Coffee fund investigation leads to arrest warrants for nine current & former NIU employees

Coffee+fund+investigation+leads+to+arrest+warrants+for+nine+current+%26amp%3B+former+NIU+employees

Kelly Bauer & Felix Sarver

Arrest warrants for eight current NIU employees and one former employee have been issued in regard to the coffee fund investigation.

Robert Albanese, Michael Hall, Lawrence Murray, Susan Zahm, Kenneth Pugh, Keenon Darlinger, Mark Beaird, Joseph Alberti and Keith Jackson have been charged. Clay Campbell, DeKalb County state’s attorney, said the charges are part of an extensive and ongoing investigation into various allegations related to NIU.

According to NIU Police Sgt. Alan Smith, Albanese turned himself in to NIU Police on Tuesday. Smith said his bond was set at $1,000, and his court date was set for 1:30 p.m. Oct. 26 in the DeKalb County courthouse. As of Tuesday night, Smith was not aware of other arrests. He said it was the county state’s attorney’s office that made the decision to issue the arrest warrants.

Smith said the investigation is not done yet, as the NIU Police Department is still following up on leads. He did not have a time frame for when the coffee fund investigation may be completed.

The existence of the so-called “coffee fund” was first reported in an Aug. 4 Daily Chronicle article. NIU launched an investigation in response to the article, which alleged that NIU employees would sell scrap metal from the university and keep the profit. Checks from the DeKalb Iron and Metal Company have totaled more than $13,000 since 2005, according to the Daily Chronicle. NIU confirmed the existence of the fund on Aug. 30. According to an NIU Today article, the fund has existed for over 20 years at a local bank. The fund was not NIU-authorized, according to the article, and the money was not used for “personal purpose or gain.” The account had $2,100 in it as of August 2012.

The warrants issued Tuesday mainly focused on felony theft and charges of official misconduct and violation of the State Property Control Act. One warrant, which was for Theft (Class 4 Felony) listed Murray as the defendant, but referred to Albanese as the defendant when describing the alleged crime.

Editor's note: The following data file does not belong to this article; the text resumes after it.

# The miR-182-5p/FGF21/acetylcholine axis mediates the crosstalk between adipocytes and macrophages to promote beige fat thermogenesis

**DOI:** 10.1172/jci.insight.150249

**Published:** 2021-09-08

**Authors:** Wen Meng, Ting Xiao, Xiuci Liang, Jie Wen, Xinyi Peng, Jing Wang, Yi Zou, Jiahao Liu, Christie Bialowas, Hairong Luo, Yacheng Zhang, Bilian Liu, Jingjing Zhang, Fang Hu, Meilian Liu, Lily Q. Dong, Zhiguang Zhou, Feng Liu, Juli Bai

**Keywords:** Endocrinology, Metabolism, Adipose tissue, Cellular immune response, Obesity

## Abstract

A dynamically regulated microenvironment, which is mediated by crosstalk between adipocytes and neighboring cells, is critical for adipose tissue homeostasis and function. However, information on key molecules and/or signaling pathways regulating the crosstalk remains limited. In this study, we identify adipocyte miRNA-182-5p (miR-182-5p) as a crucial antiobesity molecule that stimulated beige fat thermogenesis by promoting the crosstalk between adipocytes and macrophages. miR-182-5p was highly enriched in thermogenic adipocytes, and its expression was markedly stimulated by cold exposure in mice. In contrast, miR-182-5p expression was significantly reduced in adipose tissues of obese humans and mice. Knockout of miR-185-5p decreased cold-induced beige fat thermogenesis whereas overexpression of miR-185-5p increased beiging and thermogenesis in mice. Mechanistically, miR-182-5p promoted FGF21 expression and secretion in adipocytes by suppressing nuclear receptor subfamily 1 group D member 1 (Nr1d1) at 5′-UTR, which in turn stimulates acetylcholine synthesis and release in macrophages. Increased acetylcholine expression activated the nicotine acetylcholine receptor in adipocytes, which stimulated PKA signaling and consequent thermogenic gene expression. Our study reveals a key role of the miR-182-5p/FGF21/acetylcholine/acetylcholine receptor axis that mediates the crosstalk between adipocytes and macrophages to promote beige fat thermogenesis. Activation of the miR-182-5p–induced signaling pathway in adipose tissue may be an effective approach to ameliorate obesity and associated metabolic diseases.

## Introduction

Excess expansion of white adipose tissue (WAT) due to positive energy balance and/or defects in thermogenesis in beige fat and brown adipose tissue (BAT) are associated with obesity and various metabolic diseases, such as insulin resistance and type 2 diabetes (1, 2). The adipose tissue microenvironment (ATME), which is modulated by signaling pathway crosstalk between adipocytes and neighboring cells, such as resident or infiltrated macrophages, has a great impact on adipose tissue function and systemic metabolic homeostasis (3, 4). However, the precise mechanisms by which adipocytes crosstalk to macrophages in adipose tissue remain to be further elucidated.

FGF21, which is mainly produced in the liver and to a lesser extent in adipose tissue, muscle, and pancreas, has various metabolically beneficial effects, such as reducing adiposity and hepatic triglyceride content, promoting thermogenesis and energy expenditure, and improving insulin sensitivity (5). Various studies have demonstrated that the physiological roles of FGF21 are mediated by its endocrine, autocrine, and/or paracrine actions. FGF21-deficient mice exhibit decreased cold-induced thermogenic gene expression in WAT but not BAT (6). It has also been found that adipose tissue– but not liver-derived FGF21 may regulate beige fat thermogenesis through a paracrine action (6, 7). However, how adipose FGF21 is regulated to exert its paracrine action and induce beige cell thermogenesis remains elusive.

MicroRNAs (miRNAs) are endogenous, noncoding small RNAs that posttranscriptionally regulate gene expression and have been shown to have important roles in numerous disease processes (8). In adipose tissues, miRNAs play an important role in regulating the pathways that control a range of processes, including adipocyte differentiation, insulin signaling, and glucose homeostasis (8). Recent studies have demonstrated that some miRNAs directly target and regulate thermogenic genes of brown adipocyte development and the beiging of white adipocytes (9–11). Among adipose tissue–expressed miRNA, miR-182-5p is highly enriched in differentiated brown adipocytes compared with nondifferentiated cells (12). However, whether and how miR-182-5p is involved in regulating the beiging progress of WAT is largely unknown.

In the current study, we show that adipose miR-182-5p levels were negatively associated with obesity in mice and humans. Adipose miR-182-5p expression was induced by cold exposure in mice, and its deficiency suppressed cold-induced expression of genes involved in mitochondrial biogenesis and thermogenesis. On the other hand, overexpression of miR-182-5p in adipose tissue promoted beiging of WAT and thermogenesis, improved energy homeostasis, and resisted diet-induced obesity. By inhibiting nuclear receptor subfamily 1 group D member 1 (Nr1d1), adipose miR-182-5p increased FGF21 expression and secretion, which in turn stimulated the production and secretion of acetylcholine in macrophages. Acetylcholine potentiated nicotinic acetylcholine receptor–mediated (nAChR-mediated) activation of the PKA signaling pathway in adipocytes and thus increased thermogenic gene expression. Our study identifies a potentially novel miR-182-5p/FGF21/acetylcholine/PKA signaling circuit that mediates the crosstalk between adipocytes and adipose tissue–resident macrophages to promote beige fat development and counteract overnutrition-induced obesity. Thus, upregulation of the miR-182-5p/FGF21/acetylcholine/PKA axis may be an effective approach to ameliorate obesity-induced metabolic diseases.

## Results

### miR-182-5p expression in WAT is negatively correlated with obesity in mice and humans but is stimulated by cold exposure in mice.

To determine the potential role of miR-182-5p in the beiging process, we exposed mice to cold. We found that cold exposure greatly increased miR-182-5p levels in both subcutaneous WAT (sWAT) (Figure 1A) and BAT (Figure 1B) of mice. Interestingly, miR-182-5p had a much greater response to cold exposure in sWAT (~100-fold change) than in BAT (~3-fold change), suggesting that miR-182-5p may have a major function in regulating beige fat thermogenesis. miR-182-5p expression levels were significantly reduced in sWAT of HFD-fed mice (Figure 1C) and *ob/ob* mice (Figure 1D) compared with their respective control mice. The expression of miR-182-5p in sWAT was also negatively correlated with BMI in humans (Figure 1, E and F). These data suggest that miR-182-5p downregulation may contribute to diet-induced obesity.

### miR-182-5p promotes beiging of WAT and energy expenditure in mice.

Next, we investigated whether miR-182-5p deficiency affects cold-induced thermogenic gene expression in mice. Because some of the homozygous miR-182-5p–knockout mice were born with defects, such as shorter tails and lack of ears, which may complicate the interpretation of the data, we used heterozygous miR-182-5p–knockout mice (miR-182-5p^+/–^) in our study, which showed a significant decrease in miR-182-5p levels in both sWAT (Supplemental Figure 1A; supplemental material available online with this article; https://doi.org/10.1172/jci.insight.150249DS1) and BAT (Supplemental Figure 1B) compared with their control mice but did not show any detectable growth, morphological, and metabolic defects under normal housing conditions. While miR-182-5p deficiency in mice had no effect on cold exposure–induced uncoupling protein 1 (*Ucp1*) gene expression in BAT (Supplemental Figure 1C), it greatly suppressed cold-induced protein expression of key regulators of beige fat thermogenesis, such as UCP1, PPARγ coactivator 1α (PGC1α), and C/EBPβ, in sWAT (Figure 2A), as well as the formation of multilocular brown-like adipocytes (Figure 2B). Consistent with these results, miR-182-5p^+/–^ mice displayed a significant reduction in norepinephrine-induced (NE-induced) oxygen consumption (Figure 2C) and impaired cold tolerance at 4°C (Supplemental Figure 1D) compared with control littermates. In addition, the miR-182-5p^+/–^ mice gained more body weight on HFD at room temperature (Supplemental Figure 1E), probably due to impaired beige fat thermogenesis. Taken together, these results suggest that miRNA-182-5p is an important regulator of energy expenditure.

Of those who face charges, Jackson, who has been charged with obstructing justice and official misconduct, was placed upon a policy review board NIU created following news of the coffee fund. The review board was “charged with reviewing and updating all procedures related to property control, cash receipts, recycling and the disposition of surplus materials,” according to NIU Today.

Paul Palian, director of media and public relations, said NIU is still gathering details on the charges and will put more information out once they know more. Palian said he’s seen the charges and could confirm eight of the people charged were NIU employees and one person was a former NIU employee. He said NIU takes the charges seriously.

“We have to wait for the legal system to adjudicate these [charges],” Palian said.

According to an email from Palian, Hall is a Materials Management traffic manager, Murray is a Property Control manager, Zahm is a Property Control inventory specialist, Pugh is Materials Management director, Darlinger is a Materials Management storekeeper, Alberti is a Materials Management account technician and Beaird is a Materials Management inventory specialist. Jackson is NIU’s controller.

Four of the employees who face charges—Darlinger, Murray, Pugh and Zahm—were placed on paid leave in late August in relation to the investigation, and Albanese, former associate vice president of Finance and Facilities, has faced scrutiny in recent months.

Albanese’s retirement was announced July 31. Albanese left following an investigation that included “serious and substantial allegations of misconduct,” according to his resignation agreement.

According to a Chicago Tribune article, the allegations included using NIU property, including printer ink cartridges, for himself, and keeping university property at his home for personal use. Following his retirement, Albanese was given a payout of $33,000 and six months of health insurance.

Materials Management, a part of Finance and Facilities, is directly overseen by Eddie Williams, executive vice president for business and finance and chief of operations, according to an NIU Today release.

Campbell, who in August said he was monitoring the investigation, said he cannot comment on any of the charges specifically because the probe is ongoing.

“This office is dedicated to working with the NIU Police Department and following the facts where they may lead,” Cambpell said.

Campbell said he did not know if any of those who face charges have been arrested, and the office’s next step will be to ensure it keeps working with NIU Police.